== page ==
Plaintiffs in Acker Jr. lawsuit seek class action status
By NEAL WAGNER / City Editor
A group of plaintiffs who brought a lawsuit against a former Alabaster teacher who pleaded guilty in 2012 to sexually abusing girls during his teaching tenure has asked a federal judge to grant the case class-action status.
In a brief filed on Oct. 15 in U.S. District Court, Kristin Hurt and four other plaintiffs requested the judge open the case to “Any current or former female student during the time period that Dan Acker (Jr.) worked for (the) Shelby County School Board who was either injured, sexually harassed, abused or molested by Dan Acker (Jr.), or who witnessed such conduct or who was exposed to a sexually hostile education environment through Acker’s conduct.”
If the case is granted class action status, all individuals fitting the above description would be able to join as plaintiffs in the civil lawsuit, which was brought against Acker and the Shelby County Board of Education in February.
Acker was sentenced to 17 years in prison in May 2012 after he pleaded guilty to eight counts of sexually abusing underage girls, including Hurt, during his more than 20-year teaching tenure in Alabaster.
The unnamed plaintiffs are all minors, and were students at Thompson Intermediate School while Acker was teaching there, according to the lawsuit. The lawsuit claimed the unnamed plaintiffs were victims in the cases Acker pleaded guilty to.
Acker, who currently is in prison, taught at Thompson Elementary School, Creek View Elementary School and TIS, and was a school bus driver during his teaching tenure in Alabaster.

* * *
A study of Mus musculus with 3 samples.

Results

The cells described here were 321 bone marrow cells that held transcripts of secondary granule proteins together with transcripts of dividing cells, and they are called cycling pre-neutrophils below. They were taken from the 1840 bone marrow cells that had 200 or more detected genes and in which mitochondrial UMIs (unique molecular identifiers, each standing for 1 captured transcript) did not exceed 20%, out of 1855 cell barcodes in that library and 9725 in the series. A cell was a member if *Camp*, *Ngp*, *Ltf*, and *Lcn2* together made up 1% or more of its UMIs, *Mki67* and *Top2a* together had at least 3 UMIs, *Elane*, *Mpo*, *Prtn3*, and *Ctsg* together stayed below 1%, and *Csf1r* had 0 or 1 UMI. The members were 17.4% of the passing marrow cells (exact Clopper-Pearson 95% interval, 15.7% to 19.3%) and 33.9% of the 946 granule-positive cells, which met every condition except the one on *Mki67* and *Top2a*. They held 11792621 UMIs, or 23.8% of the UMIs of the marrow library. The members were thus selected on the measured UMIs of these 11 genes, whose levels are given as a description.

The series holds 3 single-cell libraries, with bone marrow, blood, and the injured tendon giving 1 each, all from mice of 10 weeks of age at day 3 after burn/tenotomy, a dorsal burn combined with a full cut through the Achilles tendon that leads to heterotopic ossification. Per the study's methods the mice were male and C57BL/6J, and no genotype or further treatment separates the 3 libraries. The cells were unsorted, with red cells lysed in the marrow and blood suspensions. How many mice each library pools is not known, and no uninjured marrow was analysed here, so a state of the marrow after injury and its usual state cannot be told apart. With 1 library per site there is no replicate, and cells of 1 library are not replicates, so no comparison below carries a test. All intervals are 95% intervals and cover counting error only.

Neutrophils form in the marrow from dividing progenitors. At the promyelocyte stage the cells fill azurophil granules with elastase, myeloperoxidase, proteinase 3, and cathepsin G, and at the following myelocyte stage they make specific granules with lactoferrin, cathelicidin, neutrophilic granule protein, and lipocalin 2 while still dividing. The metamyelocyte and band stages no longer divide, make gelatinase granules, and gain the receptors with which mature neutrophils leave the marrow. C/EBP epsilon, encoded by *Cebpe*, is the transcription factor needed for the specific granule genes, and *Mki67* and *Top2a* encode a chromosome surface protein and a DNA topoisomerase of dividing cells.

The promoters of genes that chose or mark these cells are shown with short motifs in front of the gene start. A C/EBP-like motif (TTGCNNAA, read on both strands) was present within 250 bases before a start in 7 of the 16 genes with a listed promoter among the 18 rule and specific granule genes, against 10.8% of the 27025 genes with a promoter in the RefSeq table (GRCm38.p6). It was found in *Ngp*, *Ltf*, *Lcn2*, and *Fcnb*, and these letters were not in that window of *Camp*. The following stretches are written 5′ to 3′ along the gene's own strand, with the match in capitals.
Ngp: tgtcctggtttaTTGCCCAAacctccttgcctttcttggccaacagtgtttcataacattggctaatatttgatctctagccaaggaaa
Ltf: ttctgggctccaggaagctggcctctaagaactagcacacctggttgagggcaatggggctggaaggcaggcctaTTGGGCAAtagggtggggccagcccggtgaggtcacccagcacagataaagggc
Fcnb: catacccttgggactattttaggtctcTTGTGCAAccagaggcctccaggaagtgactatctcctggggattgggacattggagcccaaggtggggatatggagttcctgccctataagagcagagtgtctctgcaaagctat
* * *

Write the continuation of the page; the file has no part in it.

The lawsuit claims the “defendants failed to meet their obligations to protect Shelby County’s county school children,” and claimed “Acker’s position as a school teacher and a bus driver gave him ready access to scores of students over his nearly two decades of employment by the Shelby County School Board.”
After Hurt’s mother reported Acker sexually abused Hurt in 1991, Acker was placed on leave from Creek View Elementary, and a grand jury did not indict him on the charge.
Norma Rogers, then the Shelby County Schools superintendent, recommended Acker not be reinstated as a teacher after the grand jury hearing, the lawsuit claims. The School Board, which then included Lee Doebler and Steve Martin, voted to reinstate Acker in 1993, according to the lawsuit.
During Acker’s sentencing hearing in 2012, prosecuting District Attorney Richard Minor said Acker “admitted that statements he made during that (1991) investigation were lies.”
Shortly after Hurt and the other three plaintiffs filed the lawsuit against Acker, the Shelby County Board of Education, former School Board member Doebler and current School Board member Martin filed court documents claiming the claims brought against them in the lawsuit are “barred by state and federal immunity.”